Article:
Costa hit by taste for artisan coffee

Britons are turning to more expensive and better quality brews in what is being called ‘the third wave’ of coffee drinking by experts.

The new trend is seeing drinkers shun espresso machines for more sophisticated coffee and lighter brews, with greater emphasis on the quality of the harvesting, roasting and brewing process.

It has forced the UK’s largest coffee shop, Costa, to pin its hopes on artisan brews in order to fight back against flailing sales.

Sophisticated coffee and lighter brews are thought to be behind the slowing in growth at Costa coffee chain 

Sales at the chain, which has 2,326 stores across the UK, slowed from 2.3 per cent growth last year to just 0.6 per cent in the six months to August.

It is now looking to capitalise by catering to customers who are willing to spend more per cup for ‘quality.’

Likened to fine wine and whiskies, the process puts more emphasis on the subtleties of flavour and single-origin coffee, rather than blends and latte art.

It has already introduced the Cortado, a Spanish-origin coffee or espresso mixed with roughly an equal amount of warm milk and had also added a selection of cold pressed brews to its stable.

Its brews are made from a single-origin Colombian blend of coffee and are brewed in-store for 20 hours before being served over ice.

The absence of heat during the alternative slow brewing process reduces the acidity sometimes found in coffee, and gives it a sweeter taste.

Alison Brittain, chief executive of Costa, said the number of Britain’s drinking coffee grew by about 5-6pc this year and the firm has a ‘prime opportunity’ to capitalise on the artisan trend.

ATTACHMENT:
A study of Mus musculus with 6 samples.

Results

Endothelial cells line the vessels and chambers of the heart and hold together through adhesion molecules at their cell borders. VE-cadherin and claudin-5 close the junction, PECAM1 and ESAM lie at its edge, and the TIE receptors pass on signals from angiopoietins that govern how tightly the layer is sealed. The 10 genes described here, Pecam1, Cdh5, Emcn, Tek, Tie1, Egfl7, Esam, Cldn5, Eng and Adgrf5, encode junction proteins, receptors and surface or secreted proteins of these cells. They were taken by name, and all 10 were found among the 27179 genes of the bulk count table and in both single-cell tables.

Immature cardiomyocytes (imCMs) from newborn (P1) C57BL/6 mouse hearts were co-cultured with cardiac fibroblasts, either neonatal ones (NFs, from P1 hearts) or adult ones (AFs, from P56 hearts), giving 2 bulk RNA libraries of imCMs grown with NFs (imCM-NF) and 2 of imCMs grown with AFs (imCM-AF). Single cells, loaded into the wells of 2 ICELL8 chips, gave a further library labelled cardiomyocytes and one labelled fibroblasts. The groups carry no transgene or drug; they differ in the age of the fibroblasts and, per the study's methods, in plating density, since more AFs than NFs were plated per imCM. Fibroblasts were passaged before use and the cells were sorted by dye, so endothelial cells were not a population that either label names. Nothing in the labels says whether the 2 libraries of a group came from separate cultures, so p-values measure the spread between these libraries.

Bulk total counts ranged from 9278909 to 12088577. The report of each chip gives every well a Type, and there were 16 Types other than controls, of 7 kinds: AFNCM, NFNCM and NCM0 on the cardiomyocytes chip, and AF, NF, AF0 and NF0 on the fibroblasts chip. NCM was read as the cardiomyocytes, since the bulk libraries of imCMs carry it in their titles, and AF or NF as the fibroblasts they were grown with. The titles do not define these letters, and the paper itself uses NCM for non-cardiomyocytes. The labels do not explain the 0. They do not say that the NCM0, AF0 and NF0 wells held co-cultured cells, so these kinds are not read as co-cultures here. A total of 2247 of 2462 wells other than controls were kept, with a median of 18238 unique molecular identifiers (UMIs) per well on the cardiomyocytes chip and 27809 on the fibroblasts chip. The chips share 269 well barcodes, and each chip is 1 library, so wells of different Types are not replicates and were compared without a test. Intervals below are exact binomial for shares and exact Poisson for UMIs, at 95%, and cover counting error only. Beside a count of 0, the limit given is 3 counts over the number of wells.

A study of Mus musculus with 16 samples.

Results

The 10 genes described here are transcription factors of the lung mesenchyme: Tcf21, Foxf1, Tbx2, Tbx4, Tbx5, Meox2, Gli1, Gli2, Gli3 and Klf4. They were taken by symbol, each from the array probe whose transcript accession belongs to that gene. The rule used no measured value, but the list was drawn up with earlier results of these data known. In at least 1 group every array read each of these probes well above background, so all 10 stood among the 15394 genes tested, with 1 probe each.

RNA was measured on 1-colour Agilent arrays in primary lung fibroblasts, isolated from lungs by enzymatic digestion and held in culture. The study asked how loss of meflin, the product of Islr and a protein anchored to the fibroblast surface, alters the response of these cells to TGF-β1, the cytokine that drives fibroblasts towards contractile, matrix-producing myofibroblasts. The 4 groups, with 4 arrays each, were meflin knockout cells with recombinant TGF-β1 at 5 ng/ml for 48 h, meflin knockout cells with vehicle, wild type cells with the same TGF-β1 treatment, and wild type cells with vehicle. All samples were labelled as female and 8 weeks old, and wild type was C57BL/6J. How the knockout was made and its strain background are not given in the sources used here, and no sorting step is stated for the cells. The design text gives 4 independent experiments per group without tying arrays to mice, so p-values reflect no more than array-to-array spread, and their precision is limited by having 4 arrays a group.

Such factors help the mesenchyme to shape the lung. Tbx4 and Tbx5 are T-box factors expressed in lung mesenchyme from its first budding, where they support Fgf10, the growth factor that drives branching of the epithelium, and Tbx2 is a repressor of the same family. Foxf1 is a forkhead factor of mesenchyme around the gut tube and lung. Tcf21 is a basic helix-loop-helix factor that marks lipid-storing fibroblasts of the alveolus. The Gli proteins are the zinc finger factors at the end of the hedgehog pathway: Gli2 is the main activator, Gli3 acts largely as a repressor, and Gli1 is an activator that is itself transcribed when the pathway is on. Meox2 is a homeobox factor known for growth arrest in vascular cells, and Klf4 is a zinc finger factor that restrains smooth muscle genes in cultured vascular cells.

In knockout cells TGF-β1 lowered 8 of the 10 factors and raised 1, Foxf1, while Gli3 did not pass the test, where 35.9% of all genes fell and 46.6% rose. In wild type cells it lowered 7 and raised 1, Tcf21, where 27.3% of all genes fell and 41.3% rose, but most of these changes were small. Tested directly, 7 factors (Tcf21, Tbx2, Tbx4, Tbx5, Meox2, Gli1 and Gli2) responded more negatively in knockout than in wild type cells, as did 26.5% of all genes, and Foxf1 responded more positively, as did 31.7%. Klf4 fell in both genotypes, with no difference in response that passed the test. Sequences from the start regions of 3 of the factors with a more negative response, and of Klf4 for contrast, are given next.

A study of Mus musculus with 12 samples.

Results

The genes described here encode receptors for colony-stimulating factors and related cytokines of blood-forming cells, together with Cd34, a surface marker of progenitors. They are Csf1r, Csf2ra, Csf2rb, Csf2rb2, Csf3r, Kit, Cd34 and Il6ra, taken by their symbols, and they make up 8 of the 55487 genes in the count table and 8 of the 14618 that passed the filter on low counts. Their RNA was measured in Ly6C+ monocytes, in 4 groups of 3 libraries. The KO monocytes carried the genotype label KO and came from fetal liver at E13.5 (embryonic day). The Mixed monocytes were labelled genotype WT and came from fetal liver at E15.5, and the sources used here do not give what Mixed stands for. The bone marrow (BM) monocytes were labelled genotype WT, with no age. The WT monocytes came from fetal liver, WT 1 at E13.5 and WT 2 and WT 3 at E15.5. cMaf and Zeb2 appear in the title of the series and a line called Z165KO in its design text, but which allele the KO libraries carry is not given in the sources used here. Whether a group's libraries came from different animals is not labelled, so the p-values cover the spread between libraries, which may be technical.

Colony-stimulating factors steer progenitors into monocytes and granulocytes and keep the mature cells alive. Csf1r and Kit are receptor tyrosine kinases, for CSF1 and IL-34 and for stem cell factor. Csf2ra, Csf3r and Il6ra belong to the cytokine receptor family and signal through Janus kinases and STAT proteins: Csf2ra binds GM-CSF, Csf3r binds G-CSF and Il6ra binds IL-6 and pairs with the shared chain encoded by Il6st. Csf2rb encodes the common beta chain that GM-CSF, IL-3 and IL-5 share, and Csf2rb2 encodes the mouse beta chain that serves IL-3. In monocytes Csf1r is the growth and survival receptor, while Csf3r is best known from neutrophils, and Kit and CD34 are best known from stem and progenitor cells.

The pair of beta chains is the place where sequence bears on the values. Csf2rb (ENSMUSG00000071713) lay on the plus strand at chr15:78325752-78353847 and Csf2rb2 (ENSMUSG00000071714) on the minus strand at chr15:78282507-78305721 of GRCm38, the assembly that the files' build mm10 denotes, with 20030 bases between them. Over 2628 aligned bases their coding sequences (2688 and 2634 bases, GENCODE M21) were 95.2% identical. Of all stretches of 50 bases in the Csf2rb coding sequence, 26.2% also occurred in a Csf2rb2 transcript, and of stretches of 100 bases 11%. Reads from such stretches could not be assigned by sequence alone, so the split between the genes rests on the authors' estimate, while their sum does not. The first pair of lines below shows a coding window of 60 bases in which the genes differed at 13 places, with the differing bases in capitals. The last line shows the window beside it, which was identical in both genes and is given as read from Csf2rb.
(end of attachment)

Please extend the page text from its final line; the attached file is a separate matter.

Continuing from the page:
The UK is currently ranked 45 among the world’s biggest coffee drinkers, with America ranked 26th Finland ranked 1st.

Craft coffee has so far been popularised by American rivals Blue Bottle and Intelligentsia, which have targeted quality-minded drinkers by preparing coffee using a variety of uncommon methods such as siphon brewing.

The coffee chain is looking to appeal to customers who are open to paying more for 'quality'

The coffee chain is looking to appeal to customers who are open to paying more for ‘quality’

This involves using two chambers of vapour pressure and vacuum to produce a clear brew.

It marks a stark departure from first wave coffee which can be traced back to the 1800s, when entrepreneurs saw a market for providing coffee that was both affordable and ‘ready for the pot.’

The movement spurned the rise of mass-market instant coffee, dominated by Nestle’s Nescafe in the 90s.

Starbucks is widely regarded as the pioneer of ‘second wave coffee after distinguishing itself from other venues by prioritising taste, customer experience and darkly roasted coffee.

Words like espresso, latte and cappuccino became everyday vernacular as the firm embarked on a rapid expansion in the 2000s.

Now, keen to jump on the wave for craft brews, the chain has launched its own premium coffee chain Reserved, where an 8-ounce coffee package can sell for as much as £41.

While total sales at Costa were healthy, up more than 9 per cent to £622m in the period, thanks to the addition of more than 108 new branches, profits slumped 9.8 per cent to £59million due to increased costs.